ΦFlow is an open-source simulation toolkit built for optimization and machine learning applications.
It is written mostly in Python and can be used with
The close integration with these machine learning frameworks allows it to leverage their automatic differentiation functionality,
making it easy to build end-to-end differentiable functions involving both learning models and physics simulations.
- Variety of built-in PDE operations with focus on fluid phenomena, allowing for concise formulation of simulations.
- Tight integration with PyTorch, Jax and TensorFlow for straightforward neural network training with fully differentiable simulations that can run on the GPU.
- Flexible, easy-to-use web interface featuring live visualizations and interactive controls that can affect simulations or network training on the fly.
- Object-oriented, vectorized design for expressive code, ease of use, flexibility and extensibility.
- Reusable simulation code, independent of backend and dimensionality, i.e. the exact same code can run a 2D fluid sim using NumPy and a 3D fluid sim on the GPU using TensorFlow or PyTorch.
- High-level linear equation solver with automated sparse matrix generation.
Installation with pip on Python 3.6 and above:
Install PyTorch, TensorFlow or Jax in addition to ΦFlow to enable machine learning capabilities and GPU execution.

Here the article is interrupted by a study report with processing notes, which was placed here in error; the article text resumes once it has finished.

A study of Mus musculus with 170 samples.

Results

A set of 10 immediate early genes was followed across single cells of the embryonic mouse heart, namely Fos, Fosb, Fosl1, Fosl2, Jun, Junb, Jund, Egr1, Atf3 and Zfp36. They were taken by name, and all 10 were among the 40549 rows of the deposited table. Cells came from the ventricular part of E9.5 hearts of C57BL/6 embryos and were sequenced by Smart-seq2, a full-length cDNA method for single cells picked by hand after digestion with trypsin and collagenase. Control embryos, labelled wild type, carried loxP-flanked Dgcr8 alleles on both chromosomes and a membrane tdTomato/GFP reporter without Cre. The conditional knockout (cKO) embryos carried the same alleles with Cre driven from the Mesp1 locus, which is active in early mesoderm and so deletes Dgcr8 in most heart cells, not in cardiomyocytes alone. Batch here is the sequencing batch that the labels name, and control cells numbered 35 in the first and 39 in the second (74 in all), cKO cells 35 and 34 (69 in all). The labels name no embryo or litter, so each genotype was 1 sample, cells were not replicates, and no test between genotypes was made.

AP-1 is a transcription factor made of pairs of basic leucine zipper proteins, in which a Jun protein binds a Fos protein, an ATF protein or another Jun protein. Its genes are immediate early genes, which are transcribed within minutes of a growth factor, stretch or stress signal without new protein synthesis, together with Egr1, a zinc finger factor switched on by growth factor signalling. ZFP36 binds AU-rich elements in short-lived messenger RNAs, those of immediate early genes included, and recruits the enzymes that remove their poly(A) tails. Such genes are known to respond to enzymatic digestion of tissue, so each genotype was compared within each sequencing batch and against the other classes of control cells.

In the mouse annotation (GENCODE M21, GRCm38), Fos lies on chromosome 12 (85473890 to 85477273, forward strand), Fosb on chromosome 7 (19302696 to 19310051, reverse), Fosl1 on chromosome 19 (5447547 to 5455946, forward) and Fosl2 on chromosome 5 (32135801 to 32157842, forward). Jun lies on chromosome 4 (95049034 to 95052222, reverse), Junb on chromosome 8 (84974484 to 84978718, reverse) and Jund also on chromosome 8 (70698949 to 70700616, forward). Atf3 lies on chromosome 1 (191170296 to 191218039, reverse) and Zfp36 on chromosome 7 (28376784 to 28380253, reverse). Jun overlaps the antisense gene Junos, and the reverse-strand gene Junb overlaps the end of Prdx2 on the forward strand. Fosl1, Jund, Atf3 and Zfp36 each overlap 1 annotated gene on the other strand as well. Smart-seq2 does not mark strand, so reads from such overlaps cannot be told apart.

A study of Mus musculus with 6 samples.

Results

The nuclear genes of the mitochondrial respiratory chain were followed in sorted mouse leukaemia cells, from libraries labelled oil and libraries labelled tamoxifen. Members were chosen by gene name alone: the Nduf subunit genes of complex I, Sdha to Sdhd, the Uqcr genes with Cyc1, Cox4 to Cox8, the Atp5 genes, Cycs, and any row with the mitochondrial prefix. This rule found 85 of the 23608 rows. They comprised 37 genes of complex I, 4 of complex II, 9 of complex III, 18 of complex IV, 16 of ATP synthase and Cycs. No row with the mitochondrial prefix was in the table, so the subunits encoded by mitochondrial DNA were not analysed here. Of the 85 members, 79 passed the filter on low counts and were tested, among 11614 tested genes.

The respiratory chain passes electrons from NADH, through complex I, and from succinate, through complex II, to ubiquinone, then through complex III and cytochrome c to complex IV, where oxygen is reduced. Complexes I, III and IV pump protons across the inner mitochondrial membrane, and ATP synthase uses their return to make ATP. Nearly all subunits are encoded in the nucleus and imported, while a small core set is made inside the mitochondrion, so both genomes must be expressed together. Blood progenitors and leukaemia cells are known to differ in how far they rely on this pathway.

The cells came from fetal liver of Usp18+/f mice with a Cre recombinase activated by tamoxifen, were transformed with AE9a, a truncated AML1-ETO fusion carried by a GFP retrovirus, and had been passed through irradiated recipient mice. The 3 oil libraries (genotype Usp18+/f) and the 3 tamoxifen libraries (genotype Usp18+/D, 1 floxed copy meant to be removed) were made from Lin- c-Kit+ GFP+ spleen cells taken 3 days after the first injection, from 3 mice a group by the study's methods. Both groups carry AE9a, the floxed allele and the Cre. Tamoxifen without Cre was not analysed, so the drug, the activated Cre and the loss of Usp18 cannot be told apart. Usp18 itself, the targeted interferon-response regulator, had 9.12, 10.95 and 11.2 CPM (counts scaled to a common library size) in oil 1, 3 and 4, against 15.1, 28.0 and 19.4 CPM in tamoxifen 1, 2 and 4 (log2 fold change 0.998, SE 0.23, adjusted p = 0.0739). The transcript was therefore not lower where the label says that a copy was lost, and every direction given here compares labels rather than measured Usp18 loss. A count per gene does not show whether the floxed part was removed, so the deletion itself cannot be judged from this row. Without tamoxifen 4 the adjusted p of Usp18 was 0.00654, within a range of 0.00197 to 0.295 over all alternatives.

To enable the web UI, also install Dash.
For optimal GPU performance, you may compile the custom CUDA operators, see the detailed installation instructions.
You can verify your installation by running
$ python3 -c "import phi; phi.verify()"
This will check for compatible PyTorch, Jax and TensorFlow installations as well.
Documentation and Tutorials
• ▶ YouTube Tutorials
To get started, check out our YouTube tutorial series and the following Jupyter notebooks:
Tensors: Introduction to tensors.
Fluids: Introduction to core classes and fluid-related functions.
Solar System: Visualize a many-body system with Newtonian gravity.
Learn to Throw: Train a neural network to hit a target, comparing supervised and differentiable physics losses.
If you like to work with an IDE, like PyCharm or VS Code, the following demos will also be helpful:
smoke_plume.py runs a smoke simulation and displays it in the web interface.
optimize_pressure.py uses TensorFlow to optimize a velocity field and displays it in the web interface.
We will upload a whitepaper, soon.
In the meantime, please cite the ICLR 2020 paper.
Learning to Control PDEs with Differentiable Physics, Philipp Holl, Vladlen Koltun, Nils Thuerey, ICLR 2020.
Solver-in-the-Loop: Learning from Differentiable Physics to Interact with Iterative PDE-Solvers, Kiwon Um, Raymond Fei, Philipp Holl, Robert Brand, Nils Thuerey, NeurIPS 2020.
ΦFlow: A Differentiable PDE Solving Framework for Deep Learning via Physical Simulations, Nils Thuerey, Kiwon Um, Philipp Holl, DiffCVGP workshop at NeurIPS 2020.
Physics-based Deep Learning (book), Nils Thuerey, Philipp Holl, Maximilian Mueller, Patrick Schnell, Felix Trost, Kiwon Um, DiffCVGP workshop at NeurIPS 2020.
Half-Inverse Gradients for Physical Deep Learning, Patrick Schnell, Philipp Holl, Nils Thuerey, ICLR 2022.
Scale-invariant Learning by Physics Inversion, Philipp Holl, Vladlen Koltun, Nils Thuerey, NeurIPS 2022.
ΦFlow has been used in the following data sets:
The Version history lists all major changes since release.
The releases are also listed on PyPI.
Contributions are welcome! Check out this document for guidelines.
This work is supported by the ERC Starting Grant realFlow (StG-2015-637014) and the Intel Intelligent Systems Lab.